Following a €3 billion cash shortfall last year, Gerhard Schröder is eager to bring new reforms to Germany's national healthcare system. But previous governments have failed for 25 years to push through similar measures.
Germany's previous healthcare system reform laws have had some pretty impressive names – the "New Reorganization and Solidarity Law" or the "Premium Relief Law," for example. But no measure has prevented costs and premium rates in the national health fund from skyrocketing.
Since 1977, premium rates in Germany have risen from about 11 percent of a person's gross salary to, in some cases, more than 14 percent today. In addition, patients these days are required to dig deeper into their pockets to pay for medication and hospital expenses not covered by their insurance. In total, they are forced to pony up more than €13 billion ($14 billion) a year for extras.
"Either we let these developments continue, in which case the only thing left will be reductions in healthcare services, or we ration medical care based on age," German Chancellor Gerhard Schröder recently warned, "Or we can decide on reforms that will make our good health financially viable for everyone."
A push to cut costs
Federal Health Minister Ulla Schmidt is currently pushing to stem expenditures and costs in public health funds. This year, for example, she ordered doctors to put a freeze on any increases in fees. Additionally, in order to reduce the system's mountain of debt, Schmidt also ordered doctors to prescribe generic drugs rather than brand names whenever possible and demanded bigger discounts from pharmacies and the pharmaceutical industry for bulk purchases made with public health funds.
The health minister has also placed the powerful medical lobbying industry in her sights. Contracts determining pay for doctors and services in Germany are currently negotiated with the government by the state-level Krankenärtzlichen Vereinigungen, the associations representing doctors in the public health system.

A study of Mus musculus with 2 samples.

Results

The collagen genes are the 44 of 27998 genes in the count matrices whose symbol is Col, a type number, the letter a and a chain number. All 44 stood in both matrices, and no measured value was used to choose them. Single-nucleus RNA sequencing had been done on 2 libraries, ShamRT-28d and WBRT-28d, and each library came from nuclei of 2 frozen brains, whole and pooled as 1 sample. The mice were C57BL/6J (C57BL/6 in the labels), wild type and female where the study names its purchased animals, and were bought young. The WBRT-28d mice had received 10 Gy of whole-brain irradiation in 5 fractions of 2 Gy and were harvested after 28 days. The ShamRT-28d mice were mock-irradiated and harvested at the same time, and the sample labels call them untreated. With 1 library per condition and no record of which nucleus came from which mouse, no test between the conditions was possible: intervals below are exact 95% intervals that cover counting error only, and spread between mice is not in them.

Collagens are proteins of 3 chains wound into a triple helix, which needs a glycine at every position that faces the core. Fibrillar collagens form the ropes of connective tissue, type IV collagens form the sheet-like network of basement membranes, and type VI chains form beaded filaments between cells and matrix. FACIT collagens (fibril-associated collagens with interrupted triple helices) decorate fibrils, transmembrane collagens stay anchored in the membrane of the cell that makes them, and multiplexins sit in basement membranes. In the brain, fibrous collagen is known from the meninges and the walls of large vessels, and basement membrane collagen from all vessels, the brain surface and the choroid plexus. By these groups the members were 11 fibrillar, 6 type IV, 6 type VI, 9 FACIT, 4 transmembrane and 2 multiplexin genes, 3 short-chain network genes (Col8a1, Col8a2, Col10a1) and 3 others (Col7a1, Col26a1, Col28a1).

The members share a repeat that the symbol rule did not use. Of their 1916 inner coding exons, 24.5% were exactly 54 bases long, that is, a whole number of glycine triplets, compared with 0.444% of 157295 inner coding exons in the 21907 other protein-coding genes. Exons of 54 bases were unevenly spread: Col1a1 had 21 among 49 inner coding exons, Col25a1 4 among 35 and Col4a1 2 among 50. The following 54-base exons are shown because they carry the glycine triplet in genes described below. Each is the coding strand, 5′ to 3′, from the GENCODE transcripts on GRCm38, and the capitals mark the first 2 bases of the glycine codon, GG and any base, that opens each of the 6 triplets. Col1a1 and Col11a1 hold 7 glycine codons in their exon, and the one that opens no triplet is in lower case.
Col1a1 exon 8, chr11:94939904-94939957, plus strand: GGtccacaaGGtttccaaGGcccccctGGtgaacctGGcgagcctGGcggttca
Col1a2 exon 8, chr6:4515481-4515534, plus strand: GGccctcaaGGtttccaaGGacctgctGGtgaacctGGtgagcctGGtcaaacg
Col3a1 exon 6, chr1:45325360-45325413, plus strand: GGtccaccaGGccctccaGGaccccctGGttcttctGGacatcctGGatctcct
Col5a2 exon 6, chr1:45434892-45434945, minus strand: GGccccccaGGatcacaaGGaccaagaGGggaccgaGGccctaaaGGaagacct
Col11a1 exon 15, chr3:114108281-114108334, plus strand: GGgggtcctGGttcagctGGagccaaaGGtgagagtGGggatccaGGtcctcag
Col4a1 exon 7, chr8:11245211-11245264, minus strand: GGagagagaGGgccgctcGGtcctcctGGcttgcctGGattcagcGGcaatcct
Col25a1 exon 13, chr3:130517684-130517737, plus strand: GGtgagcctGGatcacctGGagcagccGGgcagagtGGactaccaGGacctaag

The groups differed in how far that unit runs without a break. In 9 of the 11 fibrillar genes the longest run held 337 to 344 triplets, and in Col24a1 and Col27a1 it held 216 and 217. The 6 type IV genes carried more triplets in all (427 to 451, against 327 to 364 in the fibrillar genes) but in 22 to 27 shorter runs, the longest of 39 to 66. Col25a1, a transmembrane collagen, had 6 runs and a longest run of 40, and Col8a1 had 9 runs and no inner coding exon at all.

"Our health care policies have a clear concept: quality, transparency and prevention – not two-class medicine or resignation to all the lobbying groups who walk around outside foreswearing the end of the world," Schmidt recently said. "For that reason, we're going to stick with these reforms. We want quality. The reforms will come and will be the most important contribution to ensuring that health care is affordable for everyone."
Sharing the pain
Schmidt is calling for everyone to participate in the health system reforms: doctors, hospitals, the pharmaceutical industry, pharmacies and patients. With rising health system costs, non-wage labor costs, too, are expected to dramatically increase.
For the most part, Chancellor Schröder has supported Schmidt's call for reforms. He's also campaigning for better quality, increased competition and more price-conscious conduct in the medical industry. Schröder has also stated that Germans should expect increases in their health care premiums as well as a greater deductible for prescriptions. The government may also seek other financing possibilities for the money paid to patients to reimburse them for lost workdays if they are sick for longer than six weeks.
25 years of failed reform initiatives
This is far from the first time a German government has undertaken a serious reform effort – previous governments sought to achieve the same goal for 25 years. They all failed, and year after year costs have continued to increase as medical industry lobbyists have derailed any effort to cut costs. With total industry revenues of €250 billion, that's little surprise – everyone wants a piece of the pie. But with an aging population, staggering unemployment and fewer people to pump money into the coffers of the social insurance system, many in the government say cuts are imperative.
But experts as well as opposition politicians fear the current reforms won't be enough to turn the deeply indebted system around. They fear that the public health system is going to remain a problem for some time to come. Many point out the fact that the public health fund had a budget shortfall of €3 billion in 2002.
For its part, the Social Democratic Party and its junior coalition partner in the federal government, the Green Party, is preparing a draft reform law based on the recently completed work of the Rürup Commission. The 26-member panel, led by leading German economist Bert Rürup (photo), was convened to help resuscitate the country's entire social services system, which has been choking under the weight of massive deficits in many areas. Schmidt is expected to unveil a draft of the bill in several weeks.